Federal prosecutors in Chicago got their first conviction of a top lieutenant in the "El Chapo" drug cartel.
March 26, 2014 4:36:47 PM PDT
Federal prosecutors in Chicago got their first conviction of a top lieutenant in the "El Chapo" drug cartel.

He claims to be a cattleman by trade, but Tomas Renteria has now pleaded guilty to another occupation, carrying out some of the dirty work here in Chicago for Mexican druglord Joaquin "El Chapo" Guzman.

Renteria pleaded guilty to a plot to deliver heroin. Even with the guilty plea, the 46-year-old Sinaloa cartel manager is looking at possible life in prison and a minimum of 10 years.

"He entered a blind plea of guilty today without a cooperation agreement with the government. He pled guilty, he's accepted responsibility for what he has done and you'll hear more at the sentencing but his part of the case is over now," said Damon Cheronis, Renteria's attorney.

Renteria is the first of the defendants charged with Joaquin "El Chapo" Guzman to go down. Assistant U.S. Attorney Thomas Shakeshaft said the government agreed to not ask for a mandatory minimum sentence of 20 years in Renteria's case, but said that was the only concession.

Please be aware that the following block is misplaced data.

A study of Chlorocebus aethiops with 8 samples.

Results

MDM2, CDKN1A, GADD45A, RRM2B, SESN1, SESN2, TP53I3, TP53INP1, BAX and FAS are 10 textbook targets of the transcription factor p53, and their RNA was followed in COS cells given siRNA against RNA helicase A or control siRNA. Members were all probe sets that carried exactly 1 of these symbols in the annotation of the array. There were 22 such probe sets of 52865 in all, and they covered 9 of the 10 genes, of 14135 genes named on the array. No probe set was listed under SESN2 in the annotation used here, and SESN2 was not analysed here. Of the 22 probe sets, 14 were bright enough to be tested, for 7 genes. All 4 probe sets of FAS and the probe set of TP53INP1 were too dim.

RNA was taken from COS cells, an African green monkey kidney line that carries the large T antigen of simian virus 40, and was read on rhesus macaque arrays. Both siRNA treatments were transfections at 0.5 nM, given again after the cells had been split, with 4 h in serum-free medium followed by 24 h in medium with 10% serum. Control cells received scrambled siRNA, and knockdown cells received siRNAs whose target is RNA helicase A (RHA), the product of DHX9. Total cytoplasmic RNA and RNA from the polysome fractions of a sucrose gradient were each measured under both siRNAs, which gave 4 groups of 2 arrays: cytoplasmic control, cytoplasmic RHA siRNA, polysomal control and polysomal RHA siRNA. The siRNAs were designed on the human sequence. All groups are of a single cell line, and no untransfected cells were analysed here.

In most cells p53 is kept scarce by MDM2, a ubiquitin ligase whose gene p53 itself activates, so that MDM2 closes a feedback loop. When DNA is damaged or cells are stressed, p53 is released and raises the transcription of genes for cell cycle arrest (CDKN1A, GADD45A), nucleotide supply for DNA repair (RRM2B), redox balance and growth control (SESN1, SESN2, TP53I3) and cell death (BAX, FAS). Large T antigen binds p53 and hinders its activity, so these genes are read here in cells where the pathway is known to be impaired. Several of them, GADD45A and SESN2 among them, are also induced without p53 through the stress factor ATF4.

Renteria's attorney reiterated that his client will not be testifying or cooperating with the government. In his plea declaration, Renteria admitted to distributing cocaine and heroin in Chicago between 2005 and 2008.

Charged here as cartel leader, Chicago's Public Enemy No. 1 "El Chapo Guzman," a case involving tons of drugs moved by the Sinaloa Cartel, a group considered responsible for 80 percent of the city's illicit drug supply.

Co-defendant Alfredo Vasquez-Hernandez still plans to go to trial in May, according to his lawyer.

Hernandez is accused of overseeing cartel logistics, including the use of plans and submarine's to transport cocaine shipments.

In early March Hernandez's attorney withdrew an announced guilty plea. He blamed an I-Team report for rumors in jail and in Mexico that his client was cooperating and going to be a government witness, neither of which ABC7 reported.

The major player in this case, "El Chapo" himself, is still locked up in Mexico. The U.S. Justice Department has made known that it wants the kingpin to stand trial in the U.S., possibly Chicago, but so far, there has been no announced decision.